Association of Hyperdense Middle Cerebral Artery Sign With Clinical Outcome in Patients Treated With Tissue Plasminogen Activator


Background and Purpose

The hyperdense middle cerebral artery sign (HMCAS) is a marker of thrombus in the middle cerebral artery. The aim of our study was to find out the frequency of the HMCAS, its association with initial neurological severity and early parenchymal ischemic changes on CT, its relevance to clinical outcome, and the efficacy of intravenous recombinant tissue plasminogen activator (rtPA) in patients with the HMCAS.

Methods

Secondary analysis of the data from 620 patients who received either rtPA or placebo in the European Cooperative Acute Stroke Study I (ECASS I), a double-blind, randomized, multicenter trial. The baseline CT scans were obtained within 6 hours from the onset of symptoms. Functional and neurological outcomes were assessed using the modified Rankin Scale and the Scandinavian Stroke Scale at day 90.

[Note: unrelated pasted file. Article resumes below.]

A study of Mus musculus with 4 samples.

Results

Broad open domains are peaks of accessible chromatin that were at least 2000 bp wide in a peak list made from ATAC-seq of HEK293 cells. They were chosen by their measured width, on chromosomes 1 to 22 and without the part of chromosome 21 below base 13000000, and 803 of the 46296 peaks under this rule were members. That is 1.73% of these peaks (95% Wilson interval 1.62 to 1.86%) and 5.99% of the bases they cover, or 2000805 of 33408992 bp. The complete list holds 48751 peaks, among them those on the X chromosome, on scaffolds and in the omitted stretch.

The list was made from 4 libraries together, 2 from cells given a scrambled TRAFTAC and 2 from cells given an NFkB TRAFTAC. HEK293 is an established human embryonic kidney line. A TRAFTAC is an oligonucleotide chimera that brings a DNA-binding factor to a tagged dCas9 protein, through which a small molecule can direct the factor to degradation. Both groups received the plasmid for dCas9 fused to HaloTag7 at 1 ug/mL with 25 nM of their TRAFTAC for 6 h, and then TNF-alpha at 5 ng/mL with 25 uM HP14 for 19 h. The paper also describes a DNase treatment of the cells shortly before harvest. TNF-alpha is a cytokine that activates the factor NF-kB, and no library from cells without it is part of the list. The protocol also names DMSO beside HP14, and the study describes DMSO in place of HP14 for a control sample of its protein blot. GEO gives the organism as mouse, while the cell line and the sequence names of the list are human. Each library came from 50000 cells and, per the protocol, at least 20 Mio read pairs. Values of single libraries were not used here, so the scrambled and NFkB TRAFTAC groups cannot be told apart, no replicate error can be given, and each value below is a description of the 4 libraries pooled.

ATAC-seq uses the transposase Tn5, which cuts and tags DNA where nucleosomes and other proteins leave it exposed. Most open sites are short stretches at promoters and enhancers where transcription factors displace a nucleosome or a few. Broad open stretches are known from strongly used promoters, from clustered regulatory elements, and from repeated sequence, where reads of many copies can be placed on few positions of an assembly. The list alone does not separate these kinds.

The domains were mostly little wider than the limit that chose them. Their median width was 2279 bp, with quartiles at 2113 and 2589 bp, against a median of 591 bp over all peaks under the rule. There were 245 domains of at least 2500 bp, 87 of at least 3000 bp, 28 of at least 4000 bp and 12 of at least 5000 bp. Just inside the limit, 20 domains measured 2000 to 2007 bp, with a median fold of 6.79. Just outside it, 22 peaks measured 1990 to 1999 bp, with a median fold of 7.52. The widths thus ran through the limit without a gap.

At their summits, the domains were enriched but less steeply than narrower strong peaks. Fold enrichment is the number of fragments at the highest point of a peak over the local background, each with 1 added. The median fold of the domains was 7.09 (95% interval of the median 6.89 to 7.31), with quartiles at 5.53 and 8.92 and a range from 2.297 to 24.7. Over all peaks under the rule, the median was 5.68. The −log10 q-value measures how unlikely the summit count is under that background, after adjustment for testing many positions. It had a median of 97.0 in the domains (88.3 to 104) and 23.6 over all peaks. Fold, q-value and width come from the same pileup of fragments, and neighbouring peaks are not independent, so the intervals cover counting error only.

Results

We found an HMCAS in 107 patients (17.7%). The initial neurological deficit was more severe in patients with the HMCAS than in those lacking this sign (P<0.0001). Early cerebral edema and mass effect were also more common in patients with the HMCAS (P<0.0001). The HMCAS was related to the risk of poor functional outcome (grade of 3 to 6 on the modified Rankin Scale) on univariate analysis: 90 patients (84%) with the HMCAS and 310 patients (62%) lacking this sign were dependent or dead at day 90 (P<0.0001). However, this association was no longer significant in a logistic model accounting for the effect of age, sex, treatment with rtPA, initial severity of neurological deficit and early parenchymal ischemic changes on CT. Patients with the HMCAS who were given rtPA had better neurological recovery than those who received placebo (P=0.0297).

Conclusions

The HMCAS is associated with severe brain ischemia and poor functional outcome. However, it has no significant independent prognostic value when accounting for the effect of initial severity of neurological deficit and of early parenchymal ischemic changes on CT. Patients with the HMCAS may benefit from intravenous rtPA. (Stroke. 1999;30:769-772.)